Opinion: Bipartisan support for clean water from an unlikely place — Washington, D.C.
This week’s Community Forum is by Zach Cockrum, Northeast Director of Conservation Partnerships for the National Wildlife Federation and Brian Shupe, Executive Director of the Vermont Natural Resources Council.
For anyone paying attention to Congress, it would be a significant understatement to say it has not exactly been a pillar of bipartisan cooperation and common-sense deal making the last few years. That is especially the case on environmental issues, where the Trump administration and a majority in Congress have fought tooth and nail to undermine bedrock environmental protections for clean air, water, land and wildlife.
Yet, an appropriations bill passed last week with bipartisan majorities in both chambers of Congress stands out as a clear lesson that the ability for our elected officials to sit down and craft common sense policy that benefits the environment still exists, and we think Vermont’s elected officials — most importantly Governor Scott — can learn from this example.
Despite all of the rhetoric and political blustering, when congressional leaders including Vermont’s Senator Leahy, the Vice Chair of the Senate Appropriations Committee, sat down behind closed doors to negotiate funding the government, environmental protection and restoration fared quite well. Despite President Trump’s call for slashing the budget of the Environmental Protection Agency (EPA) by up to a third, Senator Leahy stood up for Vermont values and made sure that funding for this critical agency remained level.
The bill also fixed a longstanding problem where increasingly severe forest fires were devastating the Forest Service’s budget, creating massive shortfalls that were cannibalizing much-needed conservation programs. The Land and Water Conservation Fund, which is used to acquire conservation properties from willing landowners, saw its first increase in years. Importantly, thanks in large part to Senator Leahy’s efforts, this must-pass bill avoided having any policy “riders” attached to it that would have negatively impacted air and water and had been attached by the anti-environment Republicans to many previous spending bills.
Directly relevant to Vermont, Senator Leahy managed to boost funding for federal programs that will help with required cleanup of the Lake Champlain watershed. Funding for the Lake Champlain program within the EPA nearly doubled to $8.3 million, $5 million was dedicated to funding fisheries improvements in the lake, and a research program at the University of Vermont funded by the National Oceanic and Atmospheric Administration will be getting an increase.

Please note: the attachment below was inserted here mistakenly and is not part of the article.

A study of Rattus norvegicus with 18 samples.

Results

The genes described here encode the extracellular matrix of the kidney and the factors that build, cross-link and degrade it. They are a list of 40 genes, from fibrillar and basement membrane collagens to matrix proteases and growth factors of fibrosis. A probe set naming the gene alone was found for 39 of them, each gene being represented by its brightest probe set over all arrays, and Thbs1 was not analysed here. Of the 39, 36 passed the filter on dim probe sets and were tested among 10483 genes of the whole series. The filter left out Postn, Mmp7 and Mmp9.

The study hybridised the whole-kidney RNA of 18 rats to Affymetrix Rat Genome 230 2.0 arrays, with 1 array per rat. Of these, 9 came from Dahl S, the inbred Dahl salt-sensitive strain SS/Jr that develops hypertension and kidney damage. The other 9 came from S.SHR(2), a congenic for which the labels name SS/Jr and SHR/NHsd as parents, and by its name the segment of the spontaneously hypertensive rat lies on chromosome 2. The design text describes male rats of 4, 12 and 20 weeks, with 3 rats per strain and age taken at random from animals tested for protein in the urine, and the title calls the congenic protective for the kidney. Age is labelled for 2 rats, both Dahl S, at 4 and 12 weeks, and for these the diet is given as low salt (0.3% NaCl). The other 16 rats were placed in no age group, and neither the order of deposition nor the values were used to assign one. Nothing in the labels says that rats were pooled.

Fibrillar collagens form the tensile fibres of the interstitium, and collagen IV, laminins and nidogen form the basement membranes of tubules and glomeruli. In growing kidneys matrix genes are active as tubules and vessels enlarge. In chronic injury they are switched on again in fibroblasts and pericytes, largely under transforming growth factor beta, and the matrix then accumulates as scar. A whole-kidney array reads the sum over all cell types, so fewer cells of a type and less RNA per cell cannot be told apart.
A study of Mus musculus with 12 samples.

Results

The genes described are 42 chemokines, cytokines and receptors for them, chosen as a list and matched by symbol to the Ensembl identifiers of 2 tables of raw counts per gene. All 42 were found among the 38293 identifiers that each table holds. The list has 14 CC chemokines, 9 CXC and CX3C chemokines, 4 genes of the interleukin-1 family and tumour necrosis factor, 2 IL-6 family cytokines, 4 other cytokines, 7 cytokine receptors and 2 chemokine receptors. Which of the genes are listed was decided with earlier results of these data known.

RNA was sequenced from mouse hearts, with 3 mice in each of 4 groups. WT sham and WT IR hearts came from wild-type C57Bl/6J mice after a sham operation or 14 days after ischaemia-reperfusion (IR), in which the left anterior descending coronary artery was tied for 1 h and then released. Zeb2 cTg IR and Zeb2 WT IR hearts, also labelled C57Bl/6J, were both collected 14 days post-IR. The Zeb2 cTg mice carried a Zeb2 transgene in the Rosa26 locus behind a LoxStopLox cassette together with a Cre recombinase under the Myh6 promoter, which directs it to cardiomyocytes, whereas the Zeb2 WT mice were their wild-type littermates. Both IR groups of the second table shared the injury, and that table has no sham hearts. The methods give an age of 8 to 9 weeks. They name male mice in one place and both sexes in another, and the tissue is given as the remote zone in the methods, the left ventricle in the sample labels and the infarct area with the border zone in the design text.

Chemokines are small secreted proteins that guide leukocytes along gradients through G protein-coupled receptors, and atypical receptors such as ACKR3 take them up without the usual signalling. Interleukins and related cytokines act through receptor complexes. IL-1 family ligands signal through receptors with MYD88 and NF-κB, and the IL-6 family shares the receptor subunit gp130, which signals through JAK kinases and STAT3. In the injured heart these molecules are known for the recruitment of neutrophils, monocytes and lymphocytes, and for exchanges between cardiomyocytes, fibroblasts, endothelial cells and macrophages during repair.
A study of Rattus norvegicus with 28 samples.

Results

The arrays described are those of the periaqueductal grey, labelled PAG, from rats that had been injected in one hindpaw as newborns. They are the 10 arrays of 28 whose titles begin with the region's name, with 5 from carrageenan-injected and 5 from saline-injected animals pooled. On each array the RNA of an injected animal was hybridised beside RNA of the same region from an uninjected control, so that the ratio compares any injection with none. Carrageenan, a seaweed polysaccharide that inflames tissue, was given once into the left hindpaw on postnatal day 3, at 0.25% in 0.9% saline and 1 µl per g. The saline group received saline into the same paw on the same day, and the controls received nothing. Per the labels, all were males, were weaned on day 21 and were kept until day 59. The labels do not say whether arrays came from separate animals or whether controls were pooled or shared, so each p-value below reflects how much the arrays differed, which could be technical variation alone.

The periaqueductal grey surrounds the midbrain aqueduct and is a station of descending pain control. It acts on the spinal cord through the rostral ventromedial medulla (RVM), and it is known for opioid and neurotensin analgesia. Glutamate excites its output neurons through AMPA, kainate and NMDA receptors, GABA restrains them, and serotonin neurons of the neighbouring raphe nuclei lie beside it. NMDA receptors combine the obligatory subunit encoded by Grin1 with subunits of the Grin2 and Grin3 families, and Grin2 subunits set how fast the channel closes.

Senator Leahy’s leadership was also critical to preventing cuts to farm bill conservation programs for the first time in a decade, increasing funding for landowner technical assistance, and reducing barriers for farmers to utilize conservation assistance by eliminating unnecessary grant compliance requirements.
All of these funding increases will be helpful in cleaning up Lake Champlain, although it is not a substitute for the important role that the state must play in this effort. And while we commend Senator Leahy for advocating for Vermont and the lake, final passage of this funding required bipartisan co-operation the likes of which we have not seen in Washington in years. Unfortunately, that stands in stark contrast to recent developments for the state of Vermont to contribute its fair share of the funding to clean up the lake and its watershed.
Competing bills in the Vermont General Assembly were debated this week, including the Senate unanimously passing S. 260 which would simply require (another) study to identify potential funding sources for clean water improvements. Yet, Governor Scott remains opposed to even this simple study requirement, let alone raising the funds needed to actually accomplish our goals.
With the good news about federal funding, federal players like the Environmental Protection Agency and Natural Resources Conservation Service remain ready to help restore our waters, work with landowners and farmers, and do necessary water quality research. Local watershed groups and conservation organizations are already doing their part to help plant trees on stream
banks and improve local rivers and streams. In order to keep building on this work, though, the State of Vermont absolutely must do its part, and that requires finding a permanent funding solution.
Vermont is well known for its ability to work across the aisle to achieve common-sense goals that reflect community values. And we’re undoubtedly infamous for our environmental quality, which is why so many tourists visit our incredible state. It is not often that we would point to the notoriously dysfunctional and staunchly anti-environment U.S. Congress and ask our state to learn lessons, but today that is exactly what we are calling for. Our leaders, including Governor Scott, must take a cue from Washington and find ways to fund the Lake Champlain cleanup.